Financial leaders grappling with more aggressive and sophisticated attack methods
VMware released a report which takes the pulse of the financial industry’s top CISOs and security leaders on the changing behavior of cybercriminal cartels and the defensive shift of the financial sector.
The report found that financial institutions are facing increased destructive attacks and falling victim to ransomware more than in years’ past, as sophisticated cybercrime cartels evolve beyond wire transfer fraud to now target market strategies, take over brokerage accounts and island hop into banks.
In the Modern Bank Heists report, 63% of financial institutions admitted experiencing an increase in destructive attacks, with cybercriminals leveraging this method as a means to burn evidence as part of a counter incident response.
Additionally, 74% experienced at least one ransomware attack over the past year, with 63% paying the ransom. When asked about the nation-state actors behind these attacks, the majority of financial instructions stated that Russia posed the greatest concern, as geopolitical tension continues to escalate in cyberspace.
The report also found that once cybercriminals gain access into a financial organization, they’re no longer after wire transfers or access to capital as traditionally assumed. Cybercriminal cartels are now seeking nonpublic market information, such as earnings estimates, public offerings, and significant transactions. In fact, 66% of financial institutions experienced attacks that targeted market strategies. This modern market manipulation aligns with economic espionage and can be used to digitize insider trading.
The changing behavior of cybercriminal cartels and the defensive shift of the financial sector
- 60% of financial institutions experienced an increase in island hopping, a 58% increase from last year. The increase represents a new era of conspiracy where hijacking the digital transformation of a financial institution via island hopping to attack its constituents has become the ultimate attack outcome.
- 67% of financial institutions observed the manipulation of time stamps, an attack called Chronos named after the god of time in Greek mythology. Notably, 44% of Chronos attacks targeted market positions.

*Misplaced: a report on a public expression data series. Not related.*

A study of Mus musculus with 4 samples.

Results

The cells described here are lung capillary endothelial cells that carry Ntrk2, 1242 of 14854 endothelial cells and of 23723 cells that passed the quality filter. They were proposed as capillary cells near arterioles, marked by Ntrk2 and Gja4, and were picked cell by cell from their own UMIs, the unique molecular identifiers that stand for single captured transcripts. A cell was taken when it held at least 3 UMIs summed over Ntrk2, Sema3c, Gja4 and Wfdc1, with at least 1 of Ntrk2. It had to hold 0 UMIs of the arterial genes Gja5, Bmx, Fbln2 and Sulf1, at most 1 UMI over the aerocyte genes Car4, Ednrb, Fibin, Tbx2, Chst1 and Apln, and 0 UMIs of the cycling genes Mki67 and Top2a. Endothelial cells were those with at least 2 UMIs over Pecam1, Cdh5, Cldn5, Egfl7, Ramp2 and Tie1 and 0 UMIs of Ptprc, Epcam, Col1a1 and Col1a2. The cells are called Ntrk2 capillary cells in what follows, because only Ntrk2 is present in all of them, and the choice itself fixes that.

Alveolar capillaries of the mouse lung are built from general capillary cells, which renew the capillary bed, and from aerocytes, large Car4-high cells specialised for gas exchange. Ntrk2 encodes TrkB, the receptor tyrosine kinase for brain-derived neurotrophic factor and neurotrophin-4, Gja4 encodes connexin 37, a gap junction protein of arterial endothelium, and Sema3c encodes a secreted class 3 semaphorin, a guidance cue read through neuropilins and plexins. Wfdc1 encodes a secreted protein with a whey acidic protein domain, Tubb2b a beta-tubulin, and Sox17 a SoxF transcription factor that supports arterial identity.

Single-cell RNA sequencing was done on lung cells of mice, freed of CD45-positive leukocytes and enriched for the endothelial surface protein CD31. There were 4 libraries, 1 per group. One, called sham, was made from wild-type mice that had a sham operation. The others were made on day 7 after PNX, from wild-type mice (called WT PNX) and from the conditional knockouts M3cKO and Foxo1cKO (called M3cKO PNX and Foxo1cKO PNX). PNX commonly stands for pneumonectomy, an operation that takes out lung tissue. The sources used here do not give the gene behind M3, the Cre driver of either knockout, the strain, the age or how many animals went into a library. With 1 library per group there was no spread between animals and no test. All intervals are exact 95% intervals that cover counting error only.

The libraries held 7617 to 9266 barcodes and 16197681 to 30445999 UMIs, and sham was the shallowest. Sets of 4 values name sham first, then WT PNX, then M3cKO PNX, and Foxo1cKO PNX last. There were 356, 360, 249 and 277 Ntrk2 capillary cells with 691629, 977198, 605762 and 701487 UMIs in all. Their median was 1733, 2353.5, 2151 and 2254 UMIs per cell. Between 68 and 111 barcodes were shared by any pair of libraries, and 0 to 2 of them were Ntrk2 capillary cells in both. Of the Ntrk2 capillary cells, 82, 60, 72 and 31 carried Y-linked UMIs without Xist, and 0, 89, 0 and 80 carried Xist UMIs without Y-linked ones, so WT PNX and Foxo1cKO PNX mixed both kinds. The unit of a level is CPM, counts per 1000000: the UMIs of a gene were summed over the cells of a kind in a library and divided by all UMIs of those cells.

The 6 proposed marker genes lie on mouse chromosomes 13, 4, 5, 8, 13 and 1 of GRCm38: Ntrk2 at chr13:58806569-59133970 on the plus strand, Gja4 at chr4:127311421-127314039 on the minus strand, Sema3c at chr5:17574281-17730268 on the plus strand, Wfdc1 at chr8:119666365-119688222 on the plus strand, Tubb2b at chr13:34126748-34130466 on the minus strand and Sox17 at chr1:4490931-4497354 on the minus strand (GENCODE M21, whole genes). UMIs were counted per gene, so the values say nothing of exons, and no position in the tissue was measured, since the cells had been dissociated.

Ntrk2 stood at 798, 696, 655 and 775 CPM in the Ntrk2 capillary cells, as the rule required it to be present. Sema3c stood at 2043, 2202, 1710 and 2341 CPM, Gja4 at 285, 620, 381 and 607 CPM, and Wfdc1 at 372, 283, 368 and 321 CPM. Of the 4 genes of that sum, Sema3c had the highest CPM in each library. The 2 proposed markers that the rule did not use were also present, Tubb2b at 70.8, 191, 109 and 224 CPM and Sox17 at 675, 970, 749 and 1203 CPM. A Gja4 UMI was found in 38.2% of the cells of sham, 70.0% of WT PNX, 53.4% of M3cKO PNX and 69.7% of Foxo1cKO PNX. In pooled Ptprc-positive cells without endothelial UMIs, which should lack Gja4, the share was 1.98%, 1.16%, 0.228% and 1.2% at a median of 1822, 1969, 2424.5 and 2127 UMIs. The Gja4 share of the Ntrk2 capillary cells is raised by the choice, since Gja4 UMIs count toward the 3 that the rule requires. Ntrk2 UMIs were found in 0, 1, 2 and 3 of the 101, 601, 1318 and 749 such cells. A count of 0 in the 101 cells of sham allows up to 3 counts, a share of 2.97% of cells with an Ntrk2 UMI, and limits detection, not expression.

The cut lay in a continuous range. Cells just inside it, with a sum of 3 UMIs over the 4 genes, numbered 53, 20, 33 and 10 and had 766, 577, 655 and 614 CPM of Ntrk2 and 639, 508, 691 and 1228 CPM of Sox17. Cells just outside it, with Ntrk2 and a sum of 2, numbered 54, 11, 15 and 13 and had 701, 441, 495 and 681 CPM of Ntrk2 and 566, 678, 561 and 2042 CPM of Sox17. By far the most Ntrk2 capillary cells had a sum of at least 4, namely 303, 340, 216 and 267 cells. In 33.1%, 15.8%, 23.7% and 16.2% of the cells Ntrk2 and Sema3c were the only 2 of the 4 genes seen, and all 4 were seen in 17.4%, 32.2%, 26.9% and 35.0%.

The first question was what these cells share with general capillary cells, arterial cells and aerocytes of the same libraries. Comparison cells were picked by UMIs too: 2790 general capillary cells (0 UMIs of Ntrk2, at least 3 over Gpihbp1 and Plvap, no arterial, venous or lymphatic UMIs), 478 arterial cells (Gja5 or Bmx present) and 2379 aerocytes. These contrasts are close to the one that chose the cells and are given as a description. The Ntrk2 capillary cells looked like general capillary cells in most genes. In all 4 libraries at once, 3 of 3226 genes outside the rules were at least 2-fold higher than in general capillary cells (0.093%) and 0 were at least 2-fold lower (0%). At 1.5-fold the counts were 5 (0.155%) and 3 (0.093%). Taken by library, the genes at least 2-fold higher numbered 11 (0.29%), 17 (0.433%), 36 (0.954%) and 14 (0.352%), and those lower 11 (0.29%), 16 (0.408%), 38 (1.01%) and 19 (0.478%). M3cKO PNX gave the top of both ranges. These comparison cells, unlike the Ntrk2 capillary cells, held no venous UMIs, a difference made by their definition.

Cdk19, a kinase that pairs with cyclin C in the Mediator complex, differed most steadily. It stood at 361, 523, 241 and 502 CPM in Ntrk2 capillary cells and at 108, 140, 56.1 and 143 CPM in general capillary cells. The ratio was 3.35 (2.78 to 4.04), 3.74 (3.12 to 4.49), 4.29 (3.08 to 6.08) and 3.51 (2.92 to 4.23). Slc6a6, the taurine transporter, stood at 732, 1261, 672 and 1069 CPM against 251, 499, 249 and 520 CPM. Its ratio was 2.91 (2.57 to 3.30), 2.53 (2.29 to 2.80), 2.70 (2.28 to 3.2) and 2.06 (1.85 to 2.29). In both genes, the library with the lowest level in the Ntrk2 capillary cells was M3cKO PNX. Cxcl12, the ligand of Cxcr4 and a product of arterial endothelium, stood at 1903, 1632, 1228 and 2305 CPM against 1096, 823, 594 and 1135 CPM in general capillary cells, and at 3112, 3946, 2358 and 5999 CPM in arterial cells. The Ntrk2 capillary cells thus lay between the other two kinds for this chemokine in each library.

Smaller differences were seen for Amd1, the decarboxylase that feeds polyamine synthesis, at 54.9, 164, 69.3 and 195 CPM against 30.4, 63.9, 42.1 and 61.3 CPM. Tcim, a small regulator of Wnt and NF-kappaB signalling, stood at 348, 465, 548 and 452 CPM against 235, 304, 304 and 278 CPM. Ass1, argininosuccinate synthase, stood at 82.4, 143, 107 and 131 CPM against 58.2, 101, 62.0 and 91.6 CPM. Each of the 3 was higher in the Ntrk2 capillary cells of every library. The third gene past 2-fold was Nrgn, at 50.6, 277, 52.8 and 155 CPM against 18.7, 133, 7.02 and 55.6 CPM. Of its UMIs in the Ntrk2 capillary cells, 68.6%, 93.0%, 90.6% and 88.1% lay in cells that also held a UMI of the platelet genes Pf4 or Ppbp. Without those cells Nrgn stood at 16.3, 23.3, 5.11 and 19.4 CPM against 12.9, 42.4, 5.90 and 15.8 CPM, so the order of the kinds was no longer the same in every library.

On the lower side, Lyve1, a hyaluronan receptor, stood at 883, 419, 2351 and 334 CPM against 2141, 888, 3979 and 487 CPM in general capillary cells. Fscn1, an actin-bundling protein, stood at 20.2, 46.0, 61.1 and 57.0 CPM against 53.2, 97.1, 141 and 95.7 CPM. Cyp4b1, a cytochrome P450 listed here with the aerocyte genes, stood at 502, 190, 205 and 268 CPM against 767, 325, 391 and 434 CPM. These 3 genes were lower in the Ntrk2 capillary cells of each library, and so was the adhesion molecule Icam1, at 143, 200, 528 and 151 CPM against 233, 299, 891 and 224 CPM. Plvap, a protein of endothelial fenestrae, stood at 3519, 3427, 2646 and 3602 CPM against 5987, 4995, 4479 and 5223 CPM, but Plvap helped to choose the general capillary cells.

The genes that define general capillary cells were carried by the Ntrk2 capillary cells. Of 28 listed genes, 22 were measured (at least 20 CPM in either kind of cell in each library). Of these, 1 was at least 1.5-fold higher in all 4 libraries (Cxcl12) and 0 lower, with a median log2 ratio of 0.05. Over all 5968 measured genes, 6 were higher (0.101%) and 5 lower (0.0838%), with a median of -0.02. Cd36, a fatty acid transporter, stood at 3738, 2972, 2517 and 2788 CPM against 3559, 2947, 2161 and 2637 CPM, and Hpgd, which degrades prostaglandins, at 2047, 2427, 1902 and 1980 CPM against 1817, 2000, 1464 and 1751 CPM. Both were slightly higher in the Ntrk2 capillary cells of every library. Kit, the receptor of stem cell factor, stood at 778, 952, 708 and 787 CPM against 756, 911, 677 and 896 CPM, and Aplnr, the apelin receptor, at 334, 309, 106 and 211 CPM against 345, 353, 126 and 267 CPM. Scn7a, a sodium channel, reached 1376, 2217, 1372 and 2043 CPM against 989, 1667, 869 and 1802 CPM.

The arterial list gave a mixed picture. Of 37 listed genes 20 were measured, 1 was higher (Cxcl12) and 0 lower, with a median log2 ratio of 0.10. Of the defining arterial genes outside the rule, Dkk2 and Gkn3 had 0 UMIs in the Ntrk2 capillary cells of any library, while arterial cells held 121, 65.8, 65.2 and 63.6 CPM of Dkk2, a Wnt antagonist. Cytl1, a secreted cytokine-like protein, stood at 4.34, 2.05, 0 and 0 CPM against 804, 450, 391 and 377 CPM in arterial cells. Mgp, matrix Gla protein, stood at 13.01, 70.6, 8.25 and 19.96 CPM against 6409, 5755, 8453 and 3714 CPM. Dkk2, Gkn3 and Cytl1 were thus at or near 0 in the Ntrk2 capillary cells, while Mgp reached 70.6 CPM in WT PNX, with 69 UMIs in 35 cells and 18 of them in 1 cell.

- 83% are concerned with the security of cryptocurrency exchanges. The advantage for cybercriminals of targeting cryptocurrency exchanges is that successful attacks can be immediately and directly turned into cyber cash.
- The majority of financial institutions plan to increase their budget by 20-30% this year. Top investment priorities include extended detection and response (XDR), workload security, and mobile security.
Tom Kellermann, head of cybersecurity strategy, VMware: “Security has become top-of-mind for business leaders amid rising geopolitical tension, an increase in destructive attacks utilizing wipers and Remote Access Tools (RATs), and a record-breaking year of Zero Day exploits. Financial institutions now understand that today’s attackers are moving from heist to hijack, from dwell to destruction, and leaving their mark on an extremely vulnerable sector. Collaboration between the cybersecurity community, government entities and the financial sector is paramount to combat these emerging, increasing threats.”
Jeremy Sheridan, former assistant director, the U.S. Secret Service: “The Secret Service, in its investigative capacity to protect the nation’s financial payment systems and financial infrastructure, has seen an evolution and increase in complex cyber-enabled fraud. There are a variety of reasons for the opportunities, motives, methods, and means related to criminal activity. At the forefront is the swelling profitability of these crimes which, of course, motivates criminal actors.
“The persistent, inadequate security of systems connected to the internet provides opportunity and methodology. Finally, the proliferation of digital money payment systems has created a global, instantaneous, and pseudo-anonymous means to facilitate their actions. All of these factors have facilitated the maturation of a cybercriminal ecosystem that has not been sufficiently suppressed.
“We see these trends continuing into the future and utilizing greater anonymizing techniques such as peer to peer networks, privacy coins, encrypted communications, and darknet marketplaces to further expand cybercrime capabilities and reach.”